I recently visited the West African country of Senegal, which was amazing and indescribable. When I returned, I searched the library catalog to see what kinds of items were owned about Senegal and I was very surprised to see that there was quite a bit.
Senegal is a country on the western coast of Africa, just south of the Sahara Desert, which is slowing creeping across its northern boarder. Mostly I was in the capital city of Dakar. With a population hovering around 1 million in the city proper, Senegal can appear to be a dusty, overcrowded, traffic nightmare, but at the heart of the country are its people, its culture and its ethnic diversity. The Senegalese are a people rich in tradition - singing songs, dancing and dressing in colorful clothing - and I feel so privileged to have been able to share this, even if for only a short time.
One of the first items that I found in the catalog was this music CD. I recognized it immediately from a monastery I had visited there! Abbaye de Keur Moussa is a Benedictine monastery founded in 1961, becoming an abbey in 1984. As of 2000, the monastery was home to 26 monks, world renowned for their unique style of sacred chanting mixed with African rhythms. The public can visit the abbey and view the extraordinary chapel, whose walls are adorned with block-print-like images depicting different biblical stories. We only spent about an hour here, but it was a beautiful place to reflect. Below you can see a few pictures that I took there.
One of the most famous Senegalese musicians is Youssou N'Dour, whose music mixes traditional Senegalese sounds with jazz and soul. N'Dour is mainly known around the world for his music, but he is a man of many talents, including filmmaking, acting, politics and activism. The library has several titles, including both music and movies.
Another group I discovered in the KRL catalog was Orchestra Baobab, a group organized in 1970 as a multi-ethnic, multi-national club band, melding many traditional Senagalese sounds with Cuban jazz. This long-standing group broke up briefly in the 1980s, but reunited in 2001. The group has produced many performers who went on to solo fame and have partnered with many world-renowned artists like the Buena Vista Social Club and Dave Matthews.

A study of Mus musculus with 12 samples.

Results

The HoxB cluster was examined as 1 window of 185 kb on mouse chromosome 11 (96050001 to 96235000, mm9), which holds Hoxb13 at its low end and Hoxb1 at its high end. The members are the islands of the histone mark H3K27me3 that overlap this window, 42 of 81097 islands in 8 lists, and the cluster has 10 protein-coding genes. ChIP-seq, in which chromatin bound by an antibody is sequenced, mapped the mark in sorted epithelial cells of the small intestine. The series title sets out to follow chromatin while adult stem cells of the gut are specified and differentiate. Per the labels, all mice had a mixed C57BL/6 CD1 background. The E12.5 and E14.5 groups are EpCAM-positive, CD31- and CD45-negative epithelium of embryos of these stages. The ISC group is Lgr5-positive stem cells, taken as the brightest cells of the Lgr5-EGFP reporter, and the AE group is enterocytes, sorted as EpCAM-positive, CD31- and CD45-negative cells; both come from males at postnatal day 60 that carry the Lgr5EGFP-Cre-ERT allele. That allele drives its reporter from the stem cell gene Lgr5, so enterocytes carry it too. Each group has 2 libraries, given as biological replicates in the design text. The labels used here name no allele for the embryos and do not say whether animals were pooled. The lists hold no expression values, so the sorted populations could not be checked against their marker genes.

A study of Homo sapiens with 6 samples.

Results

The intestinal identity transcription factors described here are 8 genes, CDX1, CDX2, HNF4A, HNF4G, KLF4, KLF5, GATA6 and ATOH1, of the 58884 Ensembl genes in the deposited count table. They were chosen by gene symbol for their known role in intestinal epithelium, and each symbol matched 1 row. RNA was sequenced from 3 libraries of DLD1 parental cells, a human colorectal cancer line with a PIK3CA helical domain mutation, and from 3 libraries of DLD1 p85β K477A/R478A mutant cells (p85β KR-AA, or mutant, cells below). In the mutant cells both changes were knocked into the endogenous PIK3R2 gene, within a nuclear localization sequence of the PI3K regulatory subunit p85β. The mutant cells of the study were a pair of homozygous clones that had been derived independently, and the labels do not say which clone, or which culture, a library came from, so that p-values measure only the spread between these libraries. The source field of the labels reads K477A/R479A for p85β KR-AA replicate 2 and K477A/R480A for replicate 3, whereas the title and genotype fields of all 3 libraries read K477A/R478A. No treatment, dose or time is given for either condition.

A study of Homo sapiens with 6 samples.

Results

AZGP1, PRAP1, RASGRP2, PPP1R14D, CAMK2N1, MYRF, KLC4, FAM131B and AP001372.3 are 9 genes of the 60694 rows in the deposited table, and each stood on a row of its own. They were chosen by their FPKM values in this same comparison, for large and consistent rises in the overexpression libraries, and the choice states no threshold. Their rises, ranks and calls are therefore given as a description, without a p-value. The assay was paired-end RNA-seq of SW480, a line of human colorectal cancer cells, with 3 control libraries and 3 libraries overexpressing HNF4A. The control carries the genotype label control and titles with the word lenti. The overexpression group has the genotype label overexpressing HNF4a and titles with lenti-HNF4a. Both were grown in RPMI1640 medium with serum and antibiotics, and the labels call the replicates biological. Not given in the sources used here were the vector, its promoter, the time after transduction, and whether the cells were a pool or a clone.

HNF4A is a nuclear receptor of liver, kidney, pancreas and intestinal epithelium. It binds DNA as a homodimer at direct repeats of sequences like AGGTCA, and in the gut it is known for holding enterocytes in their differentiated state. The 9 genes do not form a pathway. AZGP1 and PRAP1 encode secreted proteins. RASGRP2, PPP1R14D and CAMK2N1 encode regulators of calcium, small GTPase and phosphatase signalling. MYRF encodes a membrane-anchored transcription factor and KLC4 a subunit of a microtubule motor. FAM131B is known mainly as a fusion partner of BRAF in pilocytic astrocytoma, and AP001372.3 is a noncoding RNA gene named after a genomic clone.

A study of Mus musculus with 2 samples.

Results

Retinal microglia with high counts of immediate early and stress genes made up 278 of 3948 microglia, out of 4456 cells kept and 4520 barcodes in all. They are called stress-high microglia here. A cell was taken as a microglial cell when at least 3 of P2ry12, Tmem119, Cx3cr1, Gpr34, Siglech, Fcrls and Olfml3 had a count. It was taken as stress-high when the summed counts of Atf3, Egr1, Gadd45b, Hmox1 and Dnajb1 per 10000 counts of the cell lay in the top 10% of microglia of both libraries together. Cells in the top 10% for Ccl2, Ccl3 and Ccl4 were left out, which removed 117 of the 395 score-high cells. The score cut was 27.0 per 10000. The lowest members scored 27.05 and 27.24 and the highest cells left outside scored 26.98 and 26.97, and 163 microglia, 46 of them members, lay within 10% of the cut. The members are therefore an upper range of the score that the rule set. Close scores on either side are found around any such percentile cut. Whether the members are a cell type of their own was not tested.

While in Senegal, I had the opportunity to taste some traditional dishes, even though the restaurants had many Western dishes to choose from. When invited into people's homes, we were served a dish called Yassa, which is made with either chicken or fish, which is offered on special occasions, holidays and for guests. This dish was not only delicious, but was served on a "common" dish. Below you can see the large dish that 5 or 6 people would eat from. Using a spoon, each person carved a pie-shaped portion for themselves, leaving a small mound of food between your area and your neighbors'. The eldest person at the table cut the meat and large vegetables and distributed them around the pan. At the end of the meal, each diner breaks the mound of food between sections to symbol that you are friends. A recipe for this dish can be found in "Cooking the West African Way" by Bertha Vinning Montgomery.
Continue to explore the history, films and stories of the beautiful country of Senegal by clicking on the list of library items!